Hear me, Ebenezer Everybody! Tonight you shall be visited by three spirits. The ghosts of the passwords you’ve used on your email account, your online bank account, your Twitter account, your Instagram account, your… OK, scratch that, you’ll be visited by at least 100 truly terrible password ghosts.
Their breath is foul, because some of us have reused them until they’ve begun to compost – an odor that attracts swarms of hackers who’ll use them to try to get into not just one breached account, but ALL of your accounts while they’re at it.
They’re spirits, because wow, these things are old. Seriously, are we seeing you again, “123456?”
Yes, we are.
Once again, it’s end-of-the-year, worst-passwords listicle time, and once again, “123456” reins supreme as the king of bad passwords on SplashData’s annual worst password list.
Last year, SplashData evaluated more than five million leaked passwords to see how often they showed up. Since 2011, it’s been publishing the list based on millions of passwords leaked in data breaches. SplashData didn’t actually say how many breached passwords they analyzed for this year’s list, which it published in two sets of 50: here’s the worst 1-49, and here’s the worst 50-100.
Last year, tired of nagging users about using these clunkers, I instead took websites to task. Users are clearly never going to stop using “123456,” “123456789,” “qwerty” or “password” – 2019’s top four most commonly breached passwords – so how about if websites and services simply stop allowing users to choose passwords that are on the list of worst passwords?
Sites and services could do even more, we suggested – they could, say, disallow creation of any of the 10,000 worst passwords. Or maybe use rate limiting, which gives even the weakest password a serious upgrade. Limiting the number of times a user can try a wrong password means that attacks take a long time. Attackers have to be far more circumspect about how many guesses they make: as we noted, all you have to do is ask the FBI about how inconvenient, or impossible, it can make the task of forcing your way in past an unknown login.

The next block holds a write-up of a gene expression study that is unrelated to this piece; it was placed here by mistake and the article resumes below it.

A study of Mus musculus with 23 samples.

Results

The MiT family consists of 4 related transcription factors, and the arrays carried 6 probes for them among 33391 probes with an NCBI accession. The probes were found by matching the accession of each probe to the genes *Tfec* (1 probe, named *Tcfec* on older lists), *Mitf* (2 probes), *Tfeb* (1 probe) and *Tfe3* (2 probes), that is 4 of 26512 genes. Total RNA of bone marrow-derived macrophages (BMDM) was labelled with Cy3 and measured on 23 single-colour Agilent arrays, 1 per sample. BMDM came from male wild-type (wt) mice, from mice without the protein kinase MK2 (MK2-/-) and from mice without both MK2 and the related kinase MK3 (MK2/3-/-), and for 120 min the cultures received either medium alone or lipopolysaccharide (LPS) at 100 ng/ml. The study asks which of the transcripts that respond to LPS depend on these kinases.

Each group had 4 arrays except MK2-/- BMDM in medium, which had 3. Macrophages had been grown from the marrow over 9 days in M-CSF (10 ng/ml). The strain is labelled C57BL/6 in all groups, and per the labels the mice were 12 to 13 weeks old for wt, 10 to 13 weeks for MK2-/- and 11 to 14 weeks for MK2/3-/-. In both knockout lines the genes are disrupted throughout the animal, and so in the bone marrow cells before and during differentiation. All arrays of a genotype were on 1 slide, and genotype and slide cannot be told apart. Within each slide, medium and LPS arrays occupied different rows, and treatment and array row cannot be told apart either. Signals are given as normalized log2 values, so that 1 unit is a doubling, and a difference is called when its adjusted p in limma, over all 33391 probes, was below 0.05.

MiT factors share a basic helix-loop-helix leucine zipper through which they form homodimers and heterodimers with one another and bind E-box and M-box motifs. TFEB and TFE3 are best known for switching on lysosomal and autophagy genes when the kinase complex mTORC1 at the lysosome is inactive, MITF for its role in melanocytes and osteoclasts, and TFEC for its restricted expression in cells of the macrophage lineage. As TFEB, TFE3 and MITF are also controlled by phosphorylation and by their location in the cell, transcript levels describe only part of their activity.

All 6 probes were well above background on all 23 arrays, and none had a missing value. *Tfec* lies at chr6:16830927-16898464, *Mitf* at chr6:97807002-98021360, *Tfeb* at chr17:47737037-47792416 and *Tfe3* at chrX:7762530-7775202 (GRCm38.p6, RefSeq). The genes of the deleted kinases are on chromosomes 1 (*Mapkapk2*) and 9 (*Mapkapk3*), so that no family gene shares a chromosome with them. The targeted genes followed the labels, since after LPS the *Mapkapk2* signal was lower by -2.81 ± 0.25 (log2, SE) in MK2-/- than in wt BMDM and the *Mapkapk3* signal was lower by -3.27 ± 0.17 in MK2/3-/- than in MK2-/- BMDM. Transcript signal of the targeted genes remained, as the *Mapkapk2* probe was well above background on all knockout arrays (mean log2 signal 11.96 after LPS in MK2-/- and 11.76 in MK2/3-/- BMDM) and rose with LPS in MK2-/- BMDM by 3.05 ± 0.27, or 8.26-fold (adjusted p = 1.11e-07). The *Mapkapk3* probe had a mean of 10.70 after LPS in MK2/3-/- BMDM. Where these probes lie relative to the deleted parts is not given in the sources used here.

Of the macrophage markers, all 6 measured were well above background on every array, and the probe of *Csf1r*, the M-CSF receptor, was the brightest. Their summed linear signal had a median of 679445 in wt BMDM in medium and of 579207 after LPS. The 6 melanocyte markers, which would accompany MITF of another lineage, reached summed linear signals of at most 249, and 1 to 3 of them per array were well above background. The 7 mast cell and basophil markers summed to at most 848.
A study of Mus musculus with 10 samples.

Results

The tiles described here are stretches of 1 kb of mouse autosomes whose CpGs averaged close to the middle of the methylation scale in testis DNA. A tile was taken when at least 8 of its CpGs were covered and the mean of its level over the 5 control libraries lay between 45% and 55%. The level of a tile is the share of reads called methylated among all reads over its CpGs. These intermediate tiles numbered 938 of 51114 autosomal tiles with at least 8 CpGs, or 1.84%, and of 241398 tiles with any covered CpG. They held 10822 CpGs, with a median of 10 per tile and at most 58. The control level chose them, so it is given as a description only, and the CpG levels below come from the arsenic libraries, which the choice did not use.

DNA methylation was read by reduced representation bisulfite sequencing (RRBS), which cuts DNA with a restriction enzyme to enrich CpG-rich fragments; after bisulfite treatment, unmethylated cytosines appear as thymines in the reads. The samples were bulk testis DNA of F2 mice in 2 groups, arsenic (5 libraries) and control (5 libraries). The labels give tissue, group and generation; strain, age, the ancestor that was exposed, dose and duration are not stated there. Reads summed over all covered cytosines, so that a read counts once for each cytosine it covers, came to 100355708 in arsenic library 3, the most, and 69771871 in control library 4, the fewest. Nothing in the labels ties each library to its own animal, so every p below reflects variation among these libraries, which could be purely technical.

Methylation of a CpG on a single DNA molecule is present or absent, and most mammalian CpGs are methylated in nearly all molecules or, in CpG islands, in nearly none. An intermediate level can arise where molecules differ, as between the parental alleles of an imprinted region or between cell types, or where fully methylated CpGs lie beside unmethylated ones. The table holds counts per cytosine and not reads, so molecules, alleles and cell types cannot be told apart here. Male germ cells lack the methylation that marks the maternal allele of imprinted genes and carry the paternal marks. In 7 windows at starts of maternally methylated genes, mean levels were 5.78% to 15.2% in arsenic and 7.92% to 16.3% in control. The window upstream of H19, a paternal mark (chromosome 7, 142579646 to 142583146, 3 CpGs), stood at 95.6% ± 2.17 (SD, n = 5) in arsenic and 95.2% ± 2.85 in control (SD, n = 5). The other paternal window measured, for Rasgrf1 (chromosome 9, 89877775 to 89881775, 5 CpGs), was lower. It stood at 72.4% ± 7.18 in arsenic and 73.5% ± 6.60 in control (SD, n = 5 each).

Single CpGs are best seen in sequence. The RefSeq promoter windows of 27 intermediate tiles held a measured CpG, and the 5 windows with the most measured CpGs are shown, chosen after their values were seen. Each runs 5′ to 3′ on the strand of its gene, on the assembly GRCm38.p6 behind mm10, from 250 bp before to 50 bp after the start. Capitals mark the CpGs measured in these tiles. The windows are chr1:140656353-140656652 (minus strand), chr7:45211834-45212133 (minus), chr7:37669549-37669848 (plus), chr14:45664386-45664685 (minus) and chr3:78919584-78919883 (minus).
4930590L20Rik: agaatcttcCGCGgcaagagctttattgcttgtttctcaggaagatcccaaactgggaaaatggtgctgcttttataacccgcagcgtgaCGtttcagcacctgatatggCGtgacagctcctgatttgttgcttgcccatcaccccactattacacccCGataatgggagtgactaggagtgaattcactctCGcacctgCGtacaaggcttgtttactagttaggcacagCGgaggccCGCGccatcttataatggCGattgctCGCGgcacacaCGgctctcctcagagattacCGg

Clearly, there’s still work to be done. Bad passwords are still being cooked up, and reused, though they don’t have to be. If you’d like a short, easy way to pick a proper password, you can watch our video:
(No video? Watch on YouTube. No audio? Click on the [CC] icon for subtitles.)
And if a website gives you the option to turn on two-factor authentication (2FA or MFA), by all means, turn it on. It will protect you even if you use something like a) “banana” (#97 on this year’s listicle), b) “whatever” (#58), or c) “cookie” (#95).
Maybe SplashData is tired of nagging users, too. Maybe that’s why it released the listicle without a lot of verbiage. Instead, it compiled a video full of imagery, including a) a kid dancing with a banana, b) comedian Mindy Kaling slapping her forehead, c) a bunny stealing a baby’s cookie.
Its pure, simple advice:
Don’t catch your passwords on this list …
Our own pure, simple commentary, based on this joyous season’s not-so-joyous password predictability:
Deck the halls with password failure,
fail fail fail fail fail, fail fail, fail, fail!
Here’s hoping the new year brings us all good health, fewer breaches, and passwords that are as unique as snowflakes!